You could have your kids in daycare while you are making a Big Mac as McDonald's and other companies offer childcare options to parents who return to the workforce.
One of the biggest industries to take a hit was the hospitality industry, which in the last year was forced to close down, limit capacity, and now has been given the green light to reopen after a year of struggling. However, many continue to struggle with not having enough employees to staff busy hours.
Some have blamed the lack of unemployed adults returning to work on the boosted benefits of an extra $300 a week for unemployment. Over the past few weeks now, many states have been trying to end these souped-up benefits.
Some legislators think removing the extra financial incentive would motivate more people to get back into work rather than fall back on a generous unemployment check.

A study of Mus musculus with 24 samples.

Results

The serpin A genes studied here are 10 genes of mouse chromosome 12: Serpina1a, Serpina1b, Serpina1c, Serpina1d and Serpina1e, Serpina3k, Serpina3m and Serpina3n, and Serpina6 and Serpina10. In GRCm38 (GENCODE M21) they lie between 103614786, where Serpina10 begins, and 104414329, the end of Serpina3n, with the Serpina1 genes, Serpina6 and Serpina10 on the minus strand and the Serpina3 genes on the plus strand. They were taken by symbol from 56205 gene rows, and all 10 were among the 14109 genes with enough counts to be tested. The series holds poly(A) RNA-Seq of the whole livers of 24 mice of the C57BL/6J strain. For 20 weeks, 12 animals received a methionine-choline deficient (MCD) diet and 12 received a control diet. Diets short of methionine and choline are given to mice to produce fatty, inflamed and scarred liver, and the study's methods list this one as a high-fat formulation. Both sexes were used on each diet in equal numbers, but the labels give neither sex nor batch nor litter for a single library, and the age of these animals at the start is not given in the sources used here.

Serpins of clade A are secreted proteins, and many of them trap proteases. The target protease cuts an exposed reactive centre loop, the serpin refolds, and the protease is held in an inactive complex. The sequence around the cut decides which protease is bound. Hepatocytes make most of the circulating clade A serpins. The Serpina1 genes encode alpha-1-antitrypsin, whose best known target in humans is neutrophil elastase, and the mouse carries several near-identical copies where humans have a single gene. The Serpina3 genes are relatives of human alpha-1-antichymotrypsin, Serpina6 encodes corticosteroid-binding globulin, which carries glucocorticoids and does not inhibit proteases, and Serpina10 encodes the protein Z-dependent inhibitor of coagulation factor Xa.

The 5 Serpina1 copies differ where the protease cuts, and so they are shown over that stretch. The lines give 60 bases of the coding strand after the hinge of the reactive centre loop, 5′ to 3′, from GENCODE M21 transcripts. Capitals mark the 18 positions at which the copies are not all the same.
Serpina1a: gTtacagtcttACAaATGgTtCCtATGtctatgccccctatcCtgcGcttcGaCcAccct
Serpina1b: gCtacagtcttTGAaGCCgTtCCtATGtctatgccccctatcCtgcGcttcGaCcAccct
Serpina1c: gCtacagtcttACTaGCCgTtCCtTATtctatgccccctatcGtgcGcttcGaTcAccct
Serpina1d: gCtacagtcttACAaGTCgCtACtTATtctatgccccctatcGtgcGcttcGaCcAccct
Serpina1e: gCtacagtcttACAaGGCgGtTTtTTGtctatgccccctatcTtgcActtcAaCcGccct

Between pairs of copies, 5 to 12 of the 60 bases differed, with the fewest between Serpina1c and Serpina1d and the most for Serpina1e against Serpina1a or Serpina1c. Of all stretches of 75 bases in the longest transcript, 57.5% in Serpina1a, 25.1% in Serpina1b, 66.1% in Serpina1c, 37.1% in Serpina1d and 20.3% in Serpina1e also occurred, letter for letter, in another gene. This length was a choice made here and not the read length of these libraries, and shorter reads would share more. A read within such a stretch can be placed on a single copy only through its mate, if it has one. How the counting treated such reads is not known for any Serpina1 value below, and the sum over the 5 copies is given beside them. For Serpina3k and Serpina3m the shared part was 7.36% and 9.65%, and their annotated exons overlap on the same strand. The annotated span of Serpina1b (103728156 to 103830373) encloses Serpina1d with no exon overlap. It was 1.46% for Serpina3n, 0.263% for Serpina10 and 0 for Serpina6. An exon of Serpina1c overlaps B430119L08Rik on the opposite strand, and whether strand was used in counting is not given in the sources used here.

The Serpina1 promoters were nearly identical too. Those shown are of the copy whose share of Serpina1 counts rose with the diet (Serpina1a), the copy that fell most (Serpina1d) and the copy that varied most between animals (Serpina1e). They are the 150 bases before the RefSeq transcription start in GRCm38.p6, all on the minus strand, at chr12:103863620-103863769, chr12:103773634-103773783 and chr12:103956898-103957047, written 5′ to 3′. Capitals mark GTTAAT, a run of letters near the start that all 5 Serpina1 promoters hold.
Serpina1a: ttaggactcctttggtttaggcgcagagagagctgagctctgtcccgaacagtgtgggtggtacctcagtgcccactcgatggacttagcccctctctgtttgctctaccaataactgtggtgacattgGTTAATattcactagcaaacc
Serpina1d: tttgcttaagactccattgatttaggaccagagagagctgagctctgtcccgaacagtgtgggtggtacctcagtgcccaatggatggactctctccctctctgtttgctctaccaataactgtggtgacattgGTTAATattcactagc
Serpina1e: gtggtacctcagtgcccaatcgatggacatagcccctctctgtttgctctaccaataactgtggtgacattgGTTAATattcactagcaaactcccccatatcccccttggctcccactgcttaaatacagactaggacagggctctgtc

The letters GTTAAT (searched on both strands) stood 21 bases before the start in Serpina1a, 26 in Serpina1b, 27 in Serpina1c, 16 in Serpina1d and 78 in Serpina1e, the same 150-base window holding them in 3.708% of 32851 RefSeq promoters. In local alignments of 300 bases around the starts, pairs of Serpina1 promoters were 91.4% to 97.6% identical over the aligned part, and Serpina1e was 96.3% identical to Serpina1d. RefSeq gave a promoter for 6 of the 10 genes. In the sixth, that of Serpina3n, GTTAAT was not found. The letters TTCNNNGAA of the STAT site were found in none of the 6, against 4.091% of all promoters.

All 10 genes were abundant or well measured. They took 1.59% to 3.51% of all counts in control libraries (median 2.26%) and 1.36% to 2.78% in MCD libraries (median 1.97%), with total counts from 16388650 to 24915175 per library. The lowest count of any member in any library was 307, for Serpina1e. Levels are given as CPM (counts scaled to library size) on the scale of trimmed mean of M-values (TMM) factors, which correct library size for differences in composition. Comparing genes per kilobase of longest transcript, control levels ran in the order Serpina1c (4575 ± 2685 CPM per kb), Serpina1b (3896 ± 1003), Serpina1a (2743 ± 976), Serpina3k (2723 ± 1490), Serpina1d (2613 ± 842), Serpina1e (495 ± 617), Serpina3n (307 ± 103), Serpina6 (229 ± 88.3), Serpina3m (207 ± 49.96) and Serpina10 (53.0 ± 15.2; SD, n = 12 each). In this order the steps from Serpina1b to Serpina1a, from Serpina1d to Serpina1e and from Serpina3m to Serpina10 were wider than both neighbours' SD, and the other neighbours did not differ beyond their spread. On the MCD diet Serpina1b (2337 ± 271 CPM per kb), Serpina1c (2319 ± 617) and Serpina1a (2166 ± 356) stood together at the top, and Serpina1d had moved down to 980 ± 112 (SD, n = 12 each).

With the unemployment check giving out more money than some minimum wage jobs, it is easy to think that those workers would rather stay unemployed. This is also a reason why some states have attempted to end the boost early.
Child care costs are another reason why some parents have not returned to the workforce. Child care costs can eat up a considerable portion of a parent's income.
Companies are raising wages and offering child care incentives to sweeten the pot in attempts to get parents employed again.
U.S. McDonald's restaurants are rolling out an emergency child care program, while other companies are giving stipends towards child care bills.
Some companies are also giving workers more flexible schedules to give working parents a better work-life balance.
With schools reopening for the upcoming school year, many parents are expected to return to the workforce if they have not done so already. In addition, with labor shortages continuing to burden the country, incentives to return unemployed adults to the workforce may become more common.